Rare. It means something that doesn’t occur often or the alternate definition (which I prefer) is something remarkable. When our daughter was born sixteen years ago, she emerged into this world fighting and early with bright red hair. We wished for a redhead because we have the gene on both sides, but sadly less than 2% of the world’s population have red hair so we thought it impossible. It wasn’t. Even more rare? The fact that our Ginger has blue eyes. Only 1% of all redheads actually have that combo. She’s beautiful.
We now have a gorgeous young woman who graces our presence every day. Our little girl, who was the princess of our home for years with all the shoes, dresses and manners to prove it, has grown into an amazing young lady. Unfortunately, just like the genetic combination she was dealt with at birth with her red hair (it’s a mutation), we’ve learned recently that we lost the genetic lottery in other places. And, if it’s something that is rare, our teenager is bound to have it.
We started with chronic migraines. One out of one hundred kids have intractable migraines like our daughter. The same statistical numbers apply to POTS, which she also has. Rosie also has PLEVA, which I can’t find any stats on but know is rare because when she was diagnosed the entire dermatology department came in to see it and snap pics. Most recently, our daughter was diagnosed with Ehlers-Danlos Syndrome. We were just getting comfortable with that rare diagnosis when she started vomiting almost three weeks ago as we were starting comprehensive testing for a treatment plan. After five days of not keeping anything down, we went to the emergency room. We’ve been in the hospital ever since.
How rare is too rare?
That’s the question that’s been on the top of my mind lately. Not only does our teen have all of these rare conditions, she has all kinds of drug allergies and adverse reactions. When I talk to doctors about any of her symptoms, it’s usually prefaced by, “well we don’t do anything normally.” Everything we’ve done for sixteen years is rare, including what’s happening now. Rosie has Superior Mesenteric Artery Syndrome.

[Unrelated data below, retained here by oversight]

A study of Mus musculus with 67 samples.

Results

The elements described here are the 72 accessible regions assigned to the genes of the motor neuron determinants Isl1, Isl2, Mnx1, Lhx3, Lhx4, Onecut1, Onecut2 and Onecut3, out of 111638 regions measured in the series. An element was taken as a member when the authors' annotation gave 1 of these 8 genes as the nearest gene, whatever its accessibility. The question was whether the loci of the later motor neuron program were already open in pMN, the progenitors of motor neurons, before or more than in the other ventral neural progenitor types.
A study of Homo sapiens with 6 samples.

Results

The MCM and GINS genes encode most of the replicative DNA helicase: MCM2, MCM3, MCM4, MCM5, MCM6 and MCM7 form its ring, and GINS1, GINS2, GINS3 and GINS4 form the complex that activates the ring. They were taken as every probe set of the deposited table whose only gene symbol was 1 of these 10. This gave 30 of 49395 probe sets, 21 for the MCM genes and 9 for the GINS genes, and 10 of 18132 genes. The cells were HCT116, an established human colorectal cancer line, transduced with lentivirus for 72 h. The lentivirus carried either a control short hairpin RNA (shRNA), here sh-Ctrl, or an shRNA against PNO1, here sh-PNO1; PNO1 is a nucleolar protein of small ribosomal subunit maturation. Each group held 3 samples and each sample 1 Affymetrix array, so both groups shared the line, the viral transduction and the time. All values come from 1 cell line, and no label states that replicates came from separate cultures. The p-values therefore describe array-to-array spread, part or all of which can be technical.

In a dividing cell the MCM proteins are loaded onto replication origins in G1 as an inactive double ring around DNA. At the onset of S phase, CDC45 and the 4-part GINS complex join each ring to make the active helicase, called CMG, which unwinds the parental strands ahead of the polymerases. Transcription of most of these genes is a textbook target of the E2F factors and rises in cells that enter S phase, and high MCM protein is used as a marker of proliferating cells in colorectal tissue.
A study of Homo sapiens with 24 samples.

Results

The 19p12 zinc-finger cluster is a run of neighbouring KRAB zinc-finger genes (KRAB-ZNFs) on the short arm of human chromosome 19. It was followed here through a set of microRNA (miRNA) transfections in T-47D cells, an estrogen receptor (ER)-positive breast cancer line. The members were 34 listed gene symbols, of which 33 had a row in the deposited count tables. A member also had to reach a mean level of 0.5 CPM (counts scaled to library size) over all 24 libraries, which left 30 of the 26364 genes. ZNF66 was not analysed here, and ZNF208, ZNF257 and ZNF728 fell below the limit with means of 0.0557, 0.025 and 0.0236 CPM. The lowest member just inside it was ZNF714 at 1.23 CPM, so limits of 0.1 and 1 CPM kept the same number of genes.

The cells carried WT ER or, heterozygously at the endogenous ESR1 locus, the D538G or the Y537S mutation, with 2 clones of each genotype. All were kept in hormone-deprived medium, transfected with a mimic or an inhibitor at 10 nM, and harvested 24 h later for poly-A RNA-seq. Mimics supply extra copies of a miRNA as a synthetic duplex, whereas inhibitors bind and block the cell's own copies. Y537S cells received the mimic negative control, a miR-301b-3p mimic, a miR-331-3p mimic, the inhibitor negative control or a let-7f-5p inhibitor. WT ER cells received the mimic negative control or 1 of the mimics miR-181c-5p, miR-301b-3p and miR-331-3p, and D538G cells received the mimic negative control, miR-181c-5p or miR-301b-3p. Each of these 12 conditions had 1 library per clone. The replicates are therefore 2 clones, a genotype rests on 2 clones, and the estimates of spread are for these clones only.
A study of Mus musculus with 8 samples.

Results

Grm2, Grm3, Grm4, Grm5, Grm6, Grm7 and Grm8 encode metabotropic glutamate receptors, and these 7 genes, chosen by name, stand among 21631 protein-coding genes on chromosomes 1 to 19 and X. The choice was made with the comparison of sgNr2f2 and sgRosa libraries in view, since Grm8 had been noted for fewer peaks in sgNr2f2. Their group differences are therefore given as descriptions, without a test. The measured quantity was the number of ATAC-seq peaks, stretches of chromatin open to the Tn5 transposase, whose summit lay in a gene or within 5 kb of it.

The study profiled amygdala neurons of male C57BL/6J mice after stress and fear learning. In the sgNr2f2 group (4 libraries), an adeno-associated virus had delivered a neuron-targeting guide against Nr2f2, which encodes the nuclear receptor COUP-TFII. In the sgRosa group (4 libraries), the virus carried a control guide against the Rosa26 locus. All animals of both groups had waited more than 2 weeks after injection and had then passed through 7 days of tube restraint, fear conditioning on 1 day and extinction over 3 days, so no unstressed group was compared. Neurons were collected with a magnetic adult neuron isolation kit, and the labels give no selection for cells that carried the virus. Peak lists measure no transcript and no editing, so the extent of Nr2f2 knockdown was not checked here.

Don’t know what that is? Don’t worry. Neither did half our nurses and I bet it’s the residents’ first glimpse at this. We hadn’t heard of it either however, when your child hasn’t been able to keep any food or water down for over two weeks and is now being fed through tubes, you jump at the chance for the ultrasound to see if that’s what she has. Essentially, all of Rosie’s abdominal pain is real (thank you finally for the justification that it’s not “just pain.“) The duodenum (the first part of her small intestine) is compressed between two arteries and is partially blocked. Once diagnosed, they moved her NJ tube down below the site and she’s starting to show a little progress. She’s been able to keep some water down.
I have to give a huge shout out to the Purple Team at Children’s Mercy Hospital. We weren’t diagnosed by a specialist. An attending (I think and if I’m wrong I’m sorry because I want to give you credit), woke me up at night to ask if we’d been tested. She was looking at Rosie’s growth charts and all the symptoms and this was the only thing that fit. God bless her and the entire team. We know that the road back from this is slow and we’re reminded of that daily. I’d be a liar if I didn’t confess that not only are we both sick of the hospital, we want someone to wave a magic wand and make it all better. It’s not going to happen soon.
Thanks to everyone who’s been not only following our story but has reached out to us with lots of encouragement and support. We are blessed to know that while everything we have going on is rare, we are never alone.
Thank you to Lori Habiger of Center Stage Photography for this amazing image.